Approximately 15 percent (37.5 million) of American adults aged 18 years and older admit to hearing trouble. You probably get your eyes checked on a regular basis, so why not also test your hearing? We realize how important your hearing is and we want to ensure that for as long as possible you continue to maintain it. The details here will help you understand how hearing is lost, how your ears function, and what can be done.
Hearing loss and deafness are the result of sound signals that fail to reach the brain due to a hearing system issue. Based on where the issue is, there are two main types of hearing loss:
Damage to the hair cells inside the inner ear or damage to the hearing nerve (or both) causes sensorineural hearing loss. This affects your hearing ability and reduces the sound quality you hear. It cannot be cured.
Conductive hearing loss occurs when sounds, often due to an obstruction such as ear wax, cannot move from your outer ear to your inner ear. Sounds get quieter and muted at times. This loss of hearing may be temporary or permanent.
It's also possible to have both types – this is known as mixed hearing loss.
Main causes of sensorineural hearing loss
By far the most common type of hearing loss is sensorineural. Here are some of the main ways we get it.
Age-related (presbycusis): We all lose our hearing as we age. It is one of the most prevalent conditions that affect older adults. In fact, 91% of adults with hearing loss are 50 years of age and older.
Noise-induced (NIHL): Hearing loss from the prolonged exposure to recreational and workplace noise leads to severe, nearly 100% preventable damage. It is the second leading form of sensorineural hearing loss. Loud sounds have an effect on the cochlea's tiny hair cells; these sounds will cause cell death if they are severe. Avoiding exposure to noise stops further damage development.
Hearing loss can be gradual
Hearing starts to degrade from the mid-thirties for most people, and it typically decreases slowly over time, making it difficult to identify. Within the inner ear, the delicate hair-like cells are simply worn out over the years.
When this happens, you don't just go deaf, but hearing slowly becomes more and more difficult, especially speech sounds. Social environments like a café or restaurant can be even more difficult as background noises make hearing more challenging.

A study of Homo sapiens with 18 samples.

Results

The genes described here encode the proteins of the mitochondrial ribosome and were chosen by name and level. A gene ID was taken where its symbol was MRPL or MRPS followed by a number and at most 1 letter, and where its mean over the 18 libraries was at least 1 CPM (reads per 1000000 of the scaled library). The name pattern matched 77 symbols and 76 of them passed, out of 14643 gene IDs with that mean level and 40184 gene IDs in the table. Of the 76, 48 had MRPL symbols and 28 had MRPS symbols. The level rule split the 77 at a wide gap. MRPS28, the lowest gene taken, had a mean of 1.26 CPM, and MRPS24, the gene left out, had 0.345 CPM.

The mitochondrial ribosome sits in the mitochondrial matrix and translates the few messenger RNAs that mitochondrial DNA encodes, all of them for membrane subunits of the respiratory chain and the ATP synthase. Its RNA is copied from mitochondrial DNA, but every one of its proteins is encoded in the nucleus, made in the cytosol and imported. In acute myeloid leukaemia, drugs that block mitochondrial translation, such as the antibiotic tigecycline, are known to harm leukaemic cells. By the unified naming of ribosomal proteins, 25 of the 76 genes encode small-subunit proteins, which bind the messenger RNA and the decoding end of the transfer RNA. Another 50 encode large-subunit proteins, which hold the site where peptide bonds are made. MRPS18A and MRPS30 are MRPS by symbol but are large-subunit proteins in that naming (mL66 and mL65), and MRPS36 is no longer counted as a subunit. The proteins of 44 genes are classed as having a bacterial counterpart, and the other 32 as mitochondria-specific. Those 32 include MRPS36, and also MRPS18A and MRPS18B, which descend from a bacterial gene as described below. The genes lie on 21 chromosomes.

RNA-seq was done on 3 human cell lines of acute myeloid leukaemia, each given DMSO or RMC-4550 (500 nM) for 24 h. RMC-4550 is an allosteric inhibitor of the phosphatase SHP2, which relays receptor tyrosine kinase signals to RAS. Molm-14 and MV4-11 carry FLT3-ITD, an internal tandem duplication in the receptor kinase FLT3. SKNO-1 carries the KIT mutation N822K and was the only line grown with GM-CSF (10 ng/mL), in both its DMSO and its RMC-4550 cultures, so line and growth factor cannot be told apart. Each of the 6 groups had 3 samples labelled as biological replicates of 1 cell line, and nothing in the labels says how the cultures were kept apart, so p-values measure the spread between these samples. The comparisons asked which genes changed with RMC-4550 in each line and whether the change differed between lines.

Here are some of the main signs of hearing loss:
- You need the TV or radio volume louder than others.
- It's hard to hear what the person is saying on the other end of the phone.
- You must ask people repeat what they said.
- It's difficult to understand the person you're talking to when you're in a bar or restaurant.
- You've begun to avoid places in which you can't hear correctly.
Effects of hearing loss
Hearing loss can affect a person in three main ways:
Due to impaired communication, education and employment opportunities will be harder to come by. Based on a survey by the Better Hearing Institute, hearing loss has an average detrimental effect on household income of up to $12,000 per year. However, the use of hearing aids minimizes this loss by up to 50%.
Many people face social isolation because it is more difficult to communicate with others. This leads to mental health problems caused by a drop in self-esteem and self-confidence.
Minor to moderate untreated hearing losses are associated with cognitive decline and could be an early indicator of Alzheimer's disease.
Treating Hearing Loss
Whether you're having a business meeting or speaking to family and friends, it's important to hear well. For most people, it's not until their hearing begins to worsen that they realize just how crucial it is. Untreated hearing loss can become a major problem, affecting your relationship with others, community involvement, and even your independence.
If you do have hearing loss, hearing aids can greatly improve your everyday life. Digital hearing aids today function better than ever before and look discreet. Some of them are so tiny that people won’t even know you're wearing them.